John Wilmot, 2nd Earl of Rochester was born at Ditchley House in Oxfordshire on April 1st 1647. His father was created Earl of Rochester for his services to Charles II including helping him escape to exile. From the age of 7 John was privately tutored and two years later attended school in Burford. At 13 his Father died and Wilmot inherited the title. Admitted to Wadham College, Oxford in January 1660 it is said that this was the beginning of his debauched life. As an act of gratitude towards the son of Henry Wilmot, Charles II awarded Rochester an annual pension of £500 and in November 1661 Charles sent Rochester on a three year Grand Tour of France and Italy. Exposure to so much European thinking and writing certainly had an impact on the young Wilmot.
In 1664 Rochester returned to London, and made his formal début at the Restoration court on Christmas Day. Charles II proposed a marriage between Rochester and the wealthy heiress Elizabeth Malet. Her relatives opposed marriage to the impoverished Rochester, who then conspired with his mother to abduct the young Countess. For this the 18 year old Rochester spent three weeks in the Tower, only being released after a penitent apology to the King. Rochester volunteered for the navy in the Second Dutch War in 1665. His courage at the Battle of Vågen made him a war hero. Pleased, Charles appointed Rochester a Gentleman of the Bedchamber in March 1666, which granted him prime lodgings in Whitehall and a pension of £1,000 a year. This inner circle position also meant helping the King to dress and undress, serve his meals when dining in private, and sleeping at the foot of the King's bed. In the summer of 1666, Rochester returned to sea. He again showed extraordinary courage in battle. Upon his return Rochester resumed his courtship of Elizabeth Malet.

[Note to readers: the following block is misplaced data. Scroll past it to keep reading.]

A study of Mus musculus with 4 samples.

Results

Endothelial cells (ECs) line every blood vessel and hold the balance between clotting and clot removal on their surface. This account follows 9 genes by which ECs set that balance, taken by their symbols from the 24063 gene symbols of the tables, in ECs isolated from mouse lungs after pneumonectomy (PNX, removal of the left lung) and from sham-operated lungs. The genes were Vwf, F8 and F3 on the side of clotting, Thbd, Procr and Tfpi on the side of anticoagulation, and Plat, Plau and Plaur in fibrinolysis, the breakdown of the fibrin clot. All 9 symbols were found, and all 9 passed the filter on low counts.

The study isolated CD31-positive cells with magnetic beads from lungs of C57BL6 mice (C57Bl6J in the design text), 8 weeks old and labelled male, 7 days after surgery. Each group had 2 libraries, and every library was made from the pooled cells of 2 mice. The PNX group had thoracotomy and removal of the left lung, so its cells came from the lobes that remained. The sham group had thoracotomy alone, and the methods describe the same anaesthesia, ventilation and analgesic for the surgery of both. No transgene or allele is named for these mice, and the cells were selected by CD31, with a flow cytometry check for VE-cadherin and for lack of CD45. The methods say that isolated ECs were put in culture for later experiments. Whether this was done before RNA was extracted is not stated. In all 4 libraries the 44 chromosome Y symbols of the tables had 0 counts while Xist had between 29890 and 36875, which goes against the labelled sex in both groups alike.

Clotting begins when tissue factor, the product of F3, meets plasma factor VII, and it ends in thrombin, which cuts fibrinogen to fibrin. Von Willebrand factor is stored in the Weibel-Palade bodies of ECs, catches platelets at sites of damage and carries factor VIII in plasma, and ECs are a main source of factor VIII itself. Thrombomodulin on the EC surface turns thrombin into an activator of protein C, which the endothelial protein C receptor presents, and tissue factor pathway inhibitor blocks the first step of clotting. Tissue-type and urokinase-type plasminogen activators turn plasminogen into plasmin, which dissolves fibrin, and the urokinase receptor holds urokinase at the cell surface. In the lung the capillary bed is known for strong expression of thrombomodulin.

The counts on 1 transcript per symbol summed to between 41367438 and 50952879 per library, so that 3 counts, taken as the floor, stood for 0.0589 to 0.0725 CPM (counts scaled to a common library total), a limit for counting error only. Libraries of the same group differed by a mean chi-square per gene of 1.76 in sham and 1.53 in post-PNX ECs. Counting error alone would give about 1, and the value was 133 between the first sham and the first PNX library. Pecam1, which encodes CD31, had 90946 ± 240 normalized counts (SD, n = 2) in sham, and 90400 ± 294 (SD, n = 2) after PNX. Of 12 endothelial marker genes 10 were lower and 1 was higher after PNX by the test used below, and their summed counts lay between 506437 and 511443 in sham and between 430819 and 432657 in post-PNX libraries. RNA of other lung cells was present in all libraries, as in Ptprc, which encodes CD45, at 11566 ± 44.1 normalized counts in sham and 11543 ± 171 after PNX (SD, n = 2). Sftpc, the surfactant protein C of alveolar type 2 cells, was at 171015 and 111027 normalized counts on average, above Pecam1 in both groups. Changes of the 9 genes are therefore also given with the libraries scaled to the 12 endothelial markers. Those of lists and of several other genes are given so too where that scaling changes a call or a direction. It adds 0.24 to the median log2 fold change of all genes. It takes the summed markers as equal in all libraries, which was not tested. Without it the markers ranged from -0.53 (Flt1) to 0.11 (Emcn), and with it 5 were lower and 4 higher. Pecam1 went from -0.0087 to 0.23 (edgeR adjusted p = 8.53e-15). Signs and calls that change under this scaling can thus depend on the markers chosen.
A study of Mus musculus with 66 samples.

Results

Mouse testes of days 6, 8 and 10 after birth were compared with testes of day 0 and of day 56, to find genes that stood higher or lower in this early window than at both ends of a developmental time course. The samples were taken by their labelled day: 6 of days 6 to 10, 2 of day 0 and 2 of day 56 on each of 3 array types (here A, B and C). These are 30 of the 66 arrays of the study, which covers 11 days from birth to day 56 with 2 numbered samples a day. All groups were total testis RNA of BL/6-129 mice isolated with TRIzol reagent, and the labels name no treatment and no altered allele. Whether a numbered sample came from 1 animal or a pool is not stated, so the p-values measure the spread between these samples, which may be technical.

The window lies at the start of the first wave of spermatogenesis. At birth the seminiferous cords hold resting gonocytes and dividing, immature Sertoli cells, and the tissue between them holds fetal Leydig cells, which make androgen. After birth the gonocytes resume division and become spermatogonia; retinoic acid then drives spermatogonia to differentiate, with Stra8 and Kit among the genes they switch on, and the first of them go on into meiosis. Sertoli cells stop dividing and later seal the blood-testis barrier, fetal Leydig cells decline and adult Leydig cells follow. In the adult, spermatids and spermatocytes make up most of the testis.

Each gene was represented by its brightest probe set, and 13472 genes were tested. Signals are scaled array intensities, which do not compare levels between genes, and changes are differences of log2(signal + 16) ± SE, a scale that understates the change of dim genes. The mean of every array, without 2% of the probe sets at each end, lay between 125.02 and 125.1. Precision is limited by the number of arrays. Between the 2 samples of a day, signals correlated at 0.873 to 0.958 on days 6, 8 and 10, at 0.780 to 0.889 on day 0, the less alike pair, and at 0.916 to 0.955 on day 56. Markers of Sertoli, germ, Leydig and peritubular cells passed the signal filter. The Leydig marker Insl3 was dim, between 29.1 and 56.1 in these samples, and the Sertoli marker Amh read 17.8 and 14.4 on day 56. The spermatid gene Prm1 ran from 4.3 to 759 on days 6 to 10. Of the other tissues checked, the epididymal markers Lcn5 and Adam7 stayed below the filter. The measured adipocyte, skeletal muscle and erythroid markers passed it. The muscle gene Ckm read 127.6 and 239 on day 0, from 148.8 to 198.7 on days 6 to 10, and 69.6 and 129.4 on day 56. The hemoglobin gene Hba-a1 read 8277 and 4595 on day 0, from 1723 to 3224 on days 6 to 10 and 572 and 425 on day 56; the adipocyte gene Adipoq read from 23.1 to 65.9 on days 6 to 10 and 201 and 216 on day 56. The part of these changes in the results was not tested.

Defying her family's wishes, Malet eloped with Rochester again in January 1667, and they were married at the Knightsbridge chapel. Rochester's life was divided between domesticity in the country and a riotous existence at court, where he was renowned for drunkenness, vivacious conversation, and “extravagant frolics” as part of the Merry Gang which flourished for about 15 years after 1665. By now Rochester was increasingly finding disfavour with the King. There is no doubt we was a very fine poet and satirist but also unusually coarse in his both manner and writing and much of the time it was about the King. He was first banished from the court in 1669.
By 1673, Rochester began to train Elizabeth Barry as an actress and she became the most famous actress of her age and his mistress. She also produced a daughter for him before the relationship became bitter. He wrote ‘"With what face can I incline/To damn you to be only mine?… Live up to thy might mind/And be the mistress of mankind”. In 1673 at the Christmas festivities at Whitehall Rochester produced a satire to Charles II, “In the Isle of Britain” – which criticized the King for being obsessed with sex at the expense of his kingdom. It resulted in a further banishment of several months. By the age of 33, Rochester was dying, from what is usually described as the effects of venereal diseases, combined with the effects of alcoholism though others have argued that it is more likely that he died of renal failure due to chronic nephritis as a result of suffering from Bright's disease. In the early morning of 26 July 1680, Rochester died “without a shudder or a sound”. John Wilmot, 2nd Earl of Rochester is buried at Spelsbury Church in Oxfordshire.